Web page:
NEVADA, Iowa — One of the first and largest commercial-scale cellulosic biorefineries in the world will begin producing ethanol later this year.

The DuPont Cellulosic Ethanol facility is expected to generate 30 million gallons annually of biofuel produced from corn stover. Stover is the leaves and stalks left in the field as residue after harvesting.

To supply the corn stover for its plant, DuPont will contract from 450 to 600 local farmers to gather, store and deliver more than 375,000 dry tons of stover per year into the Nevada facility.

The stover will be collected from an approximate 35-mile radius around the new facility and harvested off about 200,000 acres.

The development of this facility has included key partnerships.

This is the first plant involved in working with the U.S. Department of Agriculture to promote sustainable harvesting of bio-based feedstocks for cellulosic-ethanol production.

Research in partnership with Iowa State University’s BioCentury Research Farm has been vital in the project in looking at production, harvest and transportation, storage and processing.

2010 Start

DuPont’s efforts began in 2010 with the harvest of corn stover from 2,000 acres and increased to 60,000 acres — about 550 fields — last fall, producing more than 170,000 large square bales.

Under the program, farmers enter into an agreement that allows DuPont to collect the stover in a timely manner after grain harvest.

“The timeline for farmers is critical,” said John Pieper, DuPont Industrial Biosciences stover feedstock workstream leader, at the company’s recent media event.

“Farmers are willing to give us access to their fields to harvest the stover after they’re done harvesting grain, but they don’t want us taking very long because they have other practices that they need to do in that field, whether it’s spreading manure, putting on fertilizer or tilling.”

Despite weather challenges last fall and the size of the acreage, the time demands were met.

Pieper said they were wrapping up moving the bales in February from the field edges to interim storage facilities.

A major piece of the research is to determine how much stover should remain on the fields and the amount to be harvested because of its benefits and limitations.

“However, stover is proportional in yield to grain. So the amount of stover we needed on top of the soil to protect it from erosion was sufficient over 40 years ago when we were producing about 100 to 120 bushels of grain and only about two and one-half ton of stover per acre,” Pieper said.

“Today we’re producing on these fields in central Iowa over 180 bushels per acre on average, and that means nearly five tons of stover per acre.

“That excess stover is problematic. It interferes with crop establishment and early growth for the next crop, immobilizes nitrogen and harbors crop pathogens.”

Stover Benefits

Benefits include protecting the soil from erosion, maintaining soil organic matter and cycling crop nutrients.

“When we put that carbon on top of the soil and till it back under, it does break down into carbon and replaces that soil organic carbon, which is important,” Pieper said.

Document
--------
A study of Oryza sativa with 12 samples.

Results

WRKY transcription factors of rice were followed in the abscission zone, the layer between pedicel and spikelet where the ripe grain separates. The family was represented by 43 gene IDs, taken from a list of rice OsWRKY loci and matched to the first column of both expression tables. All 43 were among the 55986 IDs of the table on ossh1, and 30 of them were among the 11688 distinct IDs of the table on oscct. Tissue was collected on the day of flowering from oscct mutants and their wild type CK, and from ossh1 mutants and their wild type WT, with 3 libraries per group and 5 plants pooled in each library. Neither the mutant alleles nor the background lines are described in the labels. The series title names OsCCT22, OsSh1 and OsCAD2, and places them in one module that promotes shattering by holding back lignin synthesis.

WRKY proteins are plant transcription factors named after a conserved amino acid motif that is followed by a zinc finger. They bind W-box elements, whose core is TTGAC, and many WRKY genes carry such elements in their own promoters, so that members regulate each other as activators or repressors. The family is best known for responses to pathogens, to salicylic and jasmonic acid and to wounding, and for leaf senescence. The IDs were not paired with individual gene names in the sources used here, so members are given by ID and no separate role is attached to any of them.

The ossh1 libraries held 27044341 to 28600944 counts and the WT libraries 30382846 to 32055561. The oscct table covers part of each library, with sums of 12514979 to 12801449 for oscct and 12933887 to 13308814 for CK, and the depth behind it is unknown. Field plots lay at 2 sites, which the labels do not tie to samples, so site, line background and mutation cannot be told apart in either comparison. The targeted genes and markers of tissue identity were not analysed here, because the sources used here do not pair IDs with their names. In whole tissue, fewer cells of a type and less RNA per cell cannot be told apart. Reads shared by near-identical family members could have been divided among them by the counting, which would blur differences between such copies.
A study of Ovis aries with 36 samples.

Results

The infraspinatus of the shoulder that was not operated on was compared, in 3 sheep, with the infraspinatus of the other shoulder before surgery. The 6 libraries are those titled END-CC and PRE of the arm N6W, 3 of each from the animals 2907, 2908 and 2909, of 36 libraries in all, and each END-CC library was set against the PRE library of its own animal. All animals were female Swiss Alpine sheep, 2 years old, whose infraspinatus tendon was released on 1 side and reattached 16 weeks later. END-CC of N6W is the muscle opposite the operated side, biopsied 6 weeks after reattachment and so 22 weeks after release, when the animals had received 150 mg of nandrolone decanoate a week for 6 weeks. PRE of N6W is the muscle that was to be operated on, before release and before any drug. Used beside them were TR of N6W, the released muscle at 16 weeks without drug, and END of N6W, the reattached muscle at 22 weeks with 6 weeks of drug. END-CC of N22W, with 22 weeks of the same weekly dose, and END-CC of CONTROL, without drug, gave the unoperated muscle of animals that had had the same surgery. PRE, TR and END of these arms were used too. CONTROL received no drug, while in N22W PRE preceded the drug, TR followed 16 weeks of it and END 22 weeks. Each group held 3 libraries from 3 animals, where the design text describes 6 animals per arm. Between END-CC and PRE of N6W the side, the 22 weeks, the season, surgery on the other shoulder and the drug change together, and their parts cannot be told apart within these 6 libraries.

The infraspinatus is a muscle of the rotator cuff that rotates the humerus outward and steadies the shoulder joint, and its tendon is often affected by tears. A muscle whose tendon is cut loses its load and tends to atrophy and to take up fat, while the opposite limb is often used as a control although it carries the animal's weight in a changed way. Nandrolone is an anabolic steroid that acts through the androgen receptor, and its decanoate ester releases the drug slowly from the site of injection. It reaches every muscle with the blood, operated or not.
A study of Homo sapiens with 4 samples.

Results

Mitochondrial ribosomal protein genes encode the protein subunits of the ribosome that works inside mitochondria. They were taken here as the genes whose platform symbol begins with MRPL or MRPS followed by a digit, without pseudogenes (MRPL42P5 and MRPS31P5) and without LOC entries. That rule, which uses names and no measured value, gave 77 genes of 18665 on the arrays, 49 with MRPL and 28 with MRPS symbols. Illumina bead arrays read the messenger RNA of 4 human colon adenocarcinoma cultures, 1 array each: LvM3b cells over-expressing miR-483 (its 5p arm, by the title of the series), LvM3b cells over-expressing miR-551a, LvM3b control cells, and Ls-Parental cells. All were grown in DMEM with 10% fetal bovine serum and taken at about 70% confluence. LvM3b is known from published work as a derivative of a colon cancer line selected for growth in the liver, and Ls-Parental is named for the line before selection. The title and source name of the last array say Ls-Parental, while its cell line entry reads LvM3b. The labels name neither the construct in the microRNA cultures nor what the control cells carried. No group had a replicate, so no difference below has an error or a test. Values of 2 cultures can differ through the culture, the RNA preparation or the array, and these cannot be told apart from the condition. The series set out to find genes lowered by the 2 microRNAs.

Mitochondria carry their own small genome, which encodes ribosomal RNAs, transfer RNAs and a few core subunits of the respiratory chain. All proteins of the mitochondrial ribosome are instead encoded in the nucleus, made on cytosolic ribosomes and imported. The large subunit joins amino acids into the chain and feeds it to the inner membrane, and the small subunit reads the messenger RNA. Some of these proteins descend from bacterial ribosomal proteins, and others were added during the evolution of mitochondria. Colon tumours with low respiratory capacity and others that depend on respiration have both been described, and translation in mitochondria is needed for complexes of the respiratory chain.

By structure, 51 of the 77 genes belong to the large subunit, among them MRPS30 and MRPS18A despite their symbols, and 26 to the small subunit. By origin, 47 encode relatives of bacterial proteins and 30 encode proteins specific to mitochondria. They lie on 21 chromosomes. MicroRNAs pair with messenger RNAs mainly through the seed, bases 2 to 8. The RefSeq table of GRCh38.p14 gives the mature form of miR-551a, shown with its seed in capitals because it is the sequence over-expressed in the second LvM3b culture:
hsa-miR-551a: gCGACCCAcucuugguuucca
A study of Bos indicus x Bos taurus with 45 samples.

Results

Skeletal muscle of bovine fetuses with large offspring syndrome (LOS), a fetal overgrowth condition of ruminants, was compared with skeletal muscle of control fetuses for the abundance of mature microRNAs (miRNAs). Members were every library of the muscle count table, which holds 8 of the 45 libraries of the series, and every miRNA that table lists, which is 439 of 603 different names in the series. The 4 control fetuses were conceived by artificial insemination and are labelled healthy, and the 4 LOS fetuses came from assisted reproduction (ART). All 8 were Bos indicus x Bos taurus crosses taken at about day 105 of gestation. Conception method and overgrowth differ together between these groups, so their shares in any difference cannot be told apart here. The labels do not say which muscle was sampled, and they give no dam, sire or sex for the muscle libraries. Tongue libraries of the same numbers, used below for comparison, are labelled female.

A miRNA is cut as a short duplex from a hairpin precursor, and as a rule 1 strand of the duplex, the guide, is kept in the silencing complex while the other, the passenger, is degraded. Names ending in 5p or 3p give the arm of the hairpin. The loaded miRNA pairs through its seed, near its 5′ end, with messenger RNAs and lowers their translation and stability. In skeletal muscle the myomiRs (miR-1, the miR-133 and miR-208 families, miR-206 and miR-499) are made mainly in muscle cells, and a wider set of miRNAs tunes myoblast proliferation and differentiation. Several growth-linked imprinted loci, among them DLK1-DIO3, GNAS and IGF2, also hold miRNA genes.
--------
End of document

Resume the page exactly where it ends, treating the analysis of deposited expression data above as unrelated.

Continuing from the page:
“However, to manage those heavy stover yields, we have to do heavier and heavier tillage. In some parts of Iowa, we’re back to tillage equal to the moldboard plow.”

The research has included stover’s impact on early crop development. Two years of data indicate that five days after planting, there are about 6,000 more plants per acre already emerged in soil where stover was partially removed.

“Typically in this area, farmers plant between 30,000 and 36,000 plants per acre. So about 20 percent of the plants emerge faster rather than being delayed, and 30 days post-plant, we have the same population farmers expect to have emerged,” Pieper said.

DuPont’s system targets stover removal at two tons per acre, with the remaining 2.3 tons per acre from corn producing 180 bushels per acre yields left on the field. A shredding windrower spreads remaining stover in a uniform carpet that covers the field.

Better Yields

A partial stover harvest increased corn yield 93 percent of the time, with an average gain of 5.2 bushels per acre, according to field trials.

“When you translate that, even at $4 a bushel, that’s $20 revenue per acre for the farmer that goes right toward profit because he hasn’t had to do anything else to get those extra bushels,” Pieper said.

He estimates farmers will spend $15 per acre to replace nutrients taken off fields through stover harvest. They receive a $24 per acre direct payment from DuPont that may go up as much as 40 percent in the coming year.

Add to that the yield gain from stover management and farmers are receiving a net profit of $32 per acre when stover is harvested as a residue management tool.

“In addition to the value of the direct revenue, some can take advantage of things like eliminating the stalk chopper pass. We’re doing that for them. We go through with a shredder and leave some on field,” Pieper said.

“Forty percent of the farmers that participate in the program either have or indicated they intend to decrease their tillage and that’s a great thing.

“They know they no longer have to use aggressive tillage because they don’t have as much stover on the field to manage. If they eliminate a pass or use a lighter tillage tool, they’re saving money on their operation.”

“They also get to enter the field earlier in the spring. With fewer residues there to keep the soils cool in the spring, they can get in and plant earlier.”

He said field-specific soil health assessments are also conducted as part of the program.